Literature Review: Defining sustainability in architecture

As in every sustainable document, defining the term sustainability is paramount and therefore it becomes clear that the architect must understand sustainable concepts before they can practice. Consequently defining sustainability could be considered a vital part to developing green design principles in order to provide clarity and scope for sustainable architecture and to bring about a collective understanding that architecture can be both attractive, inspiring and efficient and environmentally friendly.

 

Many terms are used to describe the similar notion of sustainability, such as green, environmentally friendly and holistic, but their foundations lie in sustaining the world we live in for future generations. The most common definition in the literature is The Brundtland commission who define sustainability as “meeting the needs of the present without compromising the needs of the future” (1987, as cited in Appleby 2011). The Brundtland is a broad definition of the aims of sustainable design and is hard to apply to architecture. Hosey, (2012) similarly explains that sustainable design encompasses the total environment and all of its associations and therefore it works not only to preserve the natural environment but embrace the cultural environment as well. This implies that that sustainability encompasses the whole natural, social and cultural environment and is not just about reducing CO2. Similarly Yeang and Woo, (2010) believe that “the principles of sustainability can stimulate technological innovation, advance competitiveness, and improve quality of life-all desirable factors. Adding to Van der Ryn, (1996) and Meclennan, (2004) ideas that sustainable concepts expand the ideas of good design.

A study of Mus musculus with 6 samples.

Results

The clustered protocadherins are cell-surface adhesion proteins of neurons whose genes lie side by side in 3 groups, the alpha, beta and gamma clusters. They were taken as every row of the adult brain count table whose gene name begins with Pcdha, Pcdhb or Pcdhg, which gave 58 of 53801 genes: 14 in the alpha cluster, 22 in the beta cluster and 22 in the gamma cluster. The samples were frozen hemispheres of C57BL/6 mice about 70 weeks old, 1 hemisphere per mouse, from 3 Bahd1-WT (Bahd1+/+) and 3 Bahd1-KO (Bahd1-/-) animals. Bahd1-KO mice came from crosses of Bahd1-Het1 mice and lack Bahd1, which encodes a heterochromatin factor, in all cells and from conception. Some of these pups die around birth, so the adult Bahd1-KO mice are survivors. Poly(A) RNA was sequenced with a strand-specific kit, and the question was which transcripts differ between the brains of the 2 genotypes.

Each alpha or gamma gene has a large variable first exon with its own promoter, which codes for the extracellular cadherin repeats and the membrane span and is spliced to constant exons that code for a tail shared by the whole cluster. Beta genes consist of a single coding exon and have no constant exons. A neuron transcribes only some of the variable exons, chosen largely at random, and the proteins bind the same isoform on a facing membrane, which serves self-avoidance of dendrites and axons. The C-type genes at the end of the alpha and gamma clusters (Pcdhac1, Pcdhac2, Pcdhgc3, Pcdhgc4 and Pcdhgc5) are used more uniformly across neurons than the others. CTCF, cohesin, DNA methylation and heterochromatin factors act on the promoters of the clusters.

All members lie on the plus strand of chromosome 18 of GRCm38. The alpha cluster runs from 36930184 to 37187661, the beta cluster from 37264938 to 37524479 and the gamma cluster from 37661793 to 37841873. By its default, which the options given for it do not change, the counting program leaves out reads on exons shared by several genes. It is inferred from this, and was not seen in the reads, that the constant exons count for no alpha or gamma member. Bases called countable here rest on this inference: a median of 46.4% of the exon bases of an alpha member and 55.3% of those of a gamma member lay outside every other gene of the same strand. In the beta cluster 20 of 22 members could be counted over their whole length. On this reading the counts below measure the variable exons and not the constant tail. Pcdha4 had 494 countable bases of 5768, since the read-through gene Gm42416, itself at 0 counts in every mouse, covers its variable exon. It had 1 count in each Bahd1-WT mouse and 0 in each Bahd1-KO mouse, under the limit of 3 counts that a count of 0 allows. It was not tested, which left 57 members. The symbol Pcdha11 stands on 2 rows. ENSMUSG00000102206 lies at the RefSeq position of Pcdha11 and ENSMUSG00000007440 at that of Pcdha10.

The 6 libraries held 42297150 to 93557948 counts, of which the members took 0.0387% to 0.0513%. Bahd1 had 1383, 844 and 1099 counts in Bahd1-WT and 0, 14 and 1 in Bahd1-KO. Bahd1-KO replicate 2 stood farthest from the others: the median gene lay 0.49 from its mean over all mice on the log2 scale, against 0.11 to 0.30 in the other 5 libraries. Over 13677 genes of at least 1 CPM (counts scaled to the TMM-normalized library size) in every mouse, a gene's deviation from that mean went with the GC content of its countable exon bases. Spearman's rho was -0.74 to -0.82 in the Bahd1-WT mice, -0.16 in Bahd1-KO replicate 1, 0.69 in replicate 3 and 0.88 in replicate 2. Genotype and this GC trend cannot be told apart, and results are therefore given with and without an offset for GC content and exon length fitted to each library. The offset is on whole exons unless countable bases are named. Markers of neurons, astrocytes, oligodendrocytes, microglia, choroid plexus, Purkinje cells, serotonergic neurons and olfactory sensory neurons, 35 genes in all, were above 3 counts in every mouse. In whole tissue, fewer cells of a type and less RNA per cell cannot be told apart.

Mclennan, (2004) believes that “Sustainable design is a design philosophy that seeks to maximize the quality of the built environment, while minimizing or eliminating negative impact to the natural environment”. Rovers, (2008) add that sustainable design should maximize the well being of people. Similarly to Van Der Ryn, (1996), who states “ecological design can be defined as any form of design that minimizes environmentally destructive impacts by integrating itself with the living process”. All of which prove the misconception that Ingels, (2012) depicts, describing sustainable design as aiming to improve life quality whilst minimising environmental impact.

 

Rovers (2008) believes in an equilibrium and states that “sustainable building involves the balanced use of resources on a global scale e.g. Energy, materials, water and land” alike Yeang and Woo (2010) who describe the basic principles and concepts of sustainability as balancing a growing economy. RIBA (2011) agree using the same categories, plus life, in their proposed sustainable design strategies. Sustainable design therefore can be thought as encompassing a whole design approach in which it addresses all the needs of the current climate. As (Raymond, 2012) believes that architecture is a pervasive activity and is not just the act of designing a building to be simply energy or eco efficient. Sustainable architecture is the act of doing more with less (Schwarz, 2012).